I traveled to Flint, Mich., over the weekend to report for The Christian Chronicle on that city's lead-tainted water crisis.
While meeting with a source Sunday afternoon, she mentioned that Democratic presidential candidate Hillary Clinton had come to Flint that day to speak at a black Baptist church. We decided to swing by the House of Prayer Missionary Baptist Church, and I snapped a picture of Clinton leaving that I posted on Instagram.
Since I didn't actually hear Clinton speak, I was curious what she said and checked the news coverage — my GetReligion antenna up and ready to spot any holy ghosts.
Clinton's description of the poisoned water in Flint as "immoral" was the soundbite that caught the media's attention — and rightly so.
This was the lede from NBC News:
FLINT, Michigan — Democratic presidential candidate Hillary Clinton called for "action now" to combat the toxic water crisis here Sunday in a speech to a packed congregation.
"This has to be a national priority," Clinton said at the House of Prayer Missionary Baptist Church. "What happened in Flint is immoral. The children of Flint are just as precious as the children of any part of America."
FLINT — Solving the problems of contaminated water in Flint has to remain a local, state and national priority for the foreseeable future, Democratic presidential candidate Hillary Clinton told city residents gathered in a Baptist church Sunday afternoon.
"Clean water is not optional, my friends. It’s not a luxury," she said. "This is not merely unacceptable or wrong. What happened in Flint is immoral. Children in Flint are just as precious as children in any part of America."
So was there any spiritual component to Clinton's remarks at the church? We noted last month that Clinton, a United Methodist, doesn't often discuss her faith on the campaign trail.
If you read the Washington Post's report on Clinton in Flint, there's no indication that she referenced the Bible. The same is true of the Free Press story mentioned earlier. That's partly understandable, as Clinton's 17-minute speech (sermon?) is mostly political.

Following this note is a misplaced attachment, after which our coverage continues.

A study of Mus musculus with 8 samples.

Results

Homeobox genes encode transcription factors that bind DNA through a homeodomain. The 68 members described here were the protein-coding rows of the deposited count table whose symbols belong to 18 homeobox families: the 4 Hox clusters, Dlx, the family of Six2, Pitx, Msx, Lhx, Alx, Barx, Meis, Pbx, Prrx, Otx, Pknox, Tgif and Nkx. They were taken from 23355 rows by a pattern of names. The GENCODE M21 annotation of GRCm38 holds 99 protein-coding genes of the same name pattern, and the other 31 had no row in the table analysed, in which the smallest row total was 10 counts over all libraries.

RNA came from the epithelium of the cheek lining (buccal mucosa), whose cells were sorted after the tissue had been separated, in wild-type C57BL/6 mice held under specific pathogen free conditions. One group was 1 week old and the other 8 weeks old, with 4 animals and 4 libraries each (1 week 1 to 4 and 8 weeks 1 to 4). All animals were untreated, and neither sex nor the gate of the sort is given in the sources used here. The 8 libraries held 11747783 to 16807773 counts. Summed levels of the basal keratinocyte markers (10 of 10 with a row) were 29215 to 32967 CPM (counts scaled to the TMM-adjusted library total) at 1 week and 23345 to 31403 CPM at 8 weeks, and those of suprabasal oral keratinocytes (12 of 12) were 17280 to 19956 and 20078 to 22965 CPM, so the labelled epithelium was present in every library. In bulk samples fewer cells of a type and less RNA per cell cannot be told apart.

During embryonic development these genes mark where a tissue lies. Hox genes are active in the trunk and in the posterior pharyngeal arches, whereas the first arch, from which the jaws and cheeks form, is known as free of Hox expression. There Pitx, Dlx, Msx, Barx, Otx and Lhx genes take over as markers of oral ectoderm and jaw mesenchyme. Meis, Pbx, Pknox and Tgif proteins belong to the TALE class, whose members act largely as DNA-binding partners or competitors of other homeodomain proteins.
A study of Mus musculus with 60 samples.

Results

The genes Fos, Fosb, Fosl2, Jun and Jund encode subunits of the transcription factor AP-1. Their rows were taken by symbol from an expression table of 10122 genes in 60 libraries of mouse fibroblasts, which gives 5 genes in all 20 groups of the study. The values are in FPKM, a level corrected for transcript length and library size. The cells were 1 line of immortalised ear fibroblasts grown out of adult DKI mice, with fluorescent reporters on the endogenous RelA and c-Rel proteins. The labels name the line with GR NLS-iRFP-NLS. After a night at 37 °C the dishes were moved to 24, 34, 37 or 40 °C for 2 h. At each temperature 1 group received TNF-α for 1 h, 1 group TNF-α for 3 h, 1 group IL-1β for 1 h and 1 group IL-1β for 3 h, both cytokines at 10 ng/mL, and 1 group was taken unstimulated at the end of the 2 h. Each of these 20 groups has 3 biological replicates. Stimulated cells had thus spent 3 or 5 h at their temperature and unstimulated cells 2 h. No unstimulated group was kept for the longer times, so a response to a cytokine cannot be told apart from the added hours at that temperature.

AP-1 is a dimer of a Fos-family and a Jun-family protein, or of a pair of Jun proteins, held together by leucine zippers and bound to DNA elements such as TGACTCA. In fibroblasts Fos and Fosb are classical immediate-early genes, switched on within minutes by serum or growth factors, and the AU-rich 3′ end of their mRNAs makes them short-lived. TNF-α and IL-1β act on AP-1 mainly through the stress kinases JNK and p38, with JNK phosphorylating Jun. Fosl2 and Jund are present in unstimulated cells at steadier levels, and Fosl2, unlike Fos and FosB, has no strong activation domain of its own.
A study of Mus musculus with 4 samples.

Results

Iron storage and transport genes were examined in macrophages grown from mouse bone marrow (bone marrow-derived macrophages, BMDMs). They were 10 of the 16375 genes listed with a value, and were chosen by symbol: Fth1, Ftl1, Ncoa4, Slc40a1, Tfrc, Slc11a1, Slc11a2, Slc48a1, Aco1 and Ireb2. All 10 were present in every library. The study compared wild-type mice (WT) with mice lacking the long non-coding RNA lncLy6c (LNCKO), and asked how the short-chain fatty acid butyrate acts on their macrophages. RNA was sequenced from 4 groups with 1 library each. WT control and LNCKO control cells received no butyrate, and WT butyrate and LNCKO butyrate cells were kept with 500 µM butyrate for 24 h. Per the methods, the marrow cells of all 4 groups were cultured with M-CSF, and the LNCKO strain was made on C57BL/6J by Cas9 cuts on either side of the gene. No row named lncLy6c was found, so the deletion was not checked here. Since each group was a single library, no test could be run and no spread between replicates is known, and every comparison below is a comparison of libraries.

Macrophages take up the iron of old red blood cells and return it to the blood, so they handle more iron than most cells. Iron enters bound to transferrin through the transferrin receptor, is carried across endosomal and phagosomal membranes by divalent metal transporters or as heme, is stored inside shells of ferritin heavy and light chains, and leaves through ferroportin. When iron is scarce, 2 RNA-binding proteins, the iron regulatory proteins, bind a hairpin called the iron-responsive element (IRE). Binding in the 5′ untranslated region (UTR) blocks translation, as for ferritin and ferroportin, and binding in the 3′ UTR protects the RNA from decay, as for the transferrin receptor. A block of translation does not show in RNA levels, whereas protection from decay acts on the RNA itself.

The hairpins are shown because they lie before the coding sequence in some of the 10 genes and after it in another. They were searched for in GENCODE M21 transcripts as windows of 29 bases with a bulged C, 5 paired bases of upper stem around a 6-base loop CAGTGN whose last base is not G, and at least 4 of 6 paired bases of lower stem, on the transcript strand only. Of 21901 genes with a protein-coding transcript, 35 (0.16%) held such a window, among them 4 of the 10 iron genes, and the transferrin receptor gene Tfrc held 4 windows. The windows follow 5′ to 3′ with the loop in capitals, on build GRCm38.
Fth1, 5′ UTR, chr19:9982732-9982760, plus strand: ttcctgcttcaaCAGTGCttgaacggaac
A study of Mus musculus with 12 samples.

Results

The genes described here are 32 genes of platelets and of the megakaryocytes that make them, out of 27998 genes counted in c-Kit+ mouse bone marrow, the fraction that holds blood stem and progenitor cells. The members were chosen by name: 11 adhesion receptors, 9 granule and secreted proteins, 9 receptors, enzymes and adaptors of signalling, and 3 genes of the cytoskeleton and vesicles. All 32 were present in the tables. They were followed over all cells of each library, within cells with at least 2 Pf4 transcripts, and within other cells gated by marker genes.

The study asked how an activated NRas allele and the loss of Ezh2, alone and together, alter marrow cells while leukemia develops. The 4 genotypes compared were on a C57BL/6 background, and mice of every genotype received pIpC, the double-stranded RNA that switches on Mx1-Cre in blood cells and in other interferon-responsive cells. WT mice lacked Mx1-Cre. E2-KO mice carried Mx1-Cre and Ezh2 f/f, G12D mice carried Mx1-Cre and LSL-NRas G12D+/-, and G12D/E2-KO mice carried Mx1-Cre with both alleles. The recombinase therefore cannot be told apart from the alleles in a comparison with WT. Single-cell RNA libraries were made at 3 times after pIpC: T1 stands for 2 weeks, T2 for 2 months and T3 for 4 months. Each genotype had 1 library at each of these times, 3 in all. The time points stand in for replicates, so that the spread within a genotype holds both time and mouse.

But if you click the video link above, you'll notice that the first words out of Clinton's mouth are from Psalm 118:24: "Well, this is the day the Lord has made. Let us rejoice and be glad in it."
Clinton started her remarks the way she often does in a house of worship, with a psalm: "This is the day that the Lord has made. Let us rejoice and be glad in it," she said, quoting Psalm 118:24.
And the New York Times — pulling out King James language — reported:
Mrs. Clinton began her remarks Sunday by reciting Psalm 118:24: “This is the day the Lord hath made. Let us rejoice and be glad in it.” She also met with local pastors before heading back to Manchester, N.H., for the last dash of campaigning before the primary in that state on Tuesday.
I'm not sure which Bible version the Old Gray Lady intended to quote. Perhaps the Times reporter thought he heard Clinton say "hath" and not "has." This is the way that verse reads in the King James Version:
This is the day which the Lord hath made; we will rejoice and be glad in it.
Clinton didn't actually cite the book, chapter and verse, but her audience recognized the Scripture.
Near the end of her remarks, the former secretary of state and first lady turned biblical again — although I don't know that any of the major media caught it:
Again, her audience undoubtedly recognized the reference, even if reporters did not.
Galatians 6:9, an oft-quoted verse, speaks of not becoming weary while doing good, "for in due season we shall reap, if we faint not" (KJV) or "for at the proper time we will reap a harvest if we do not give up" (New International Version).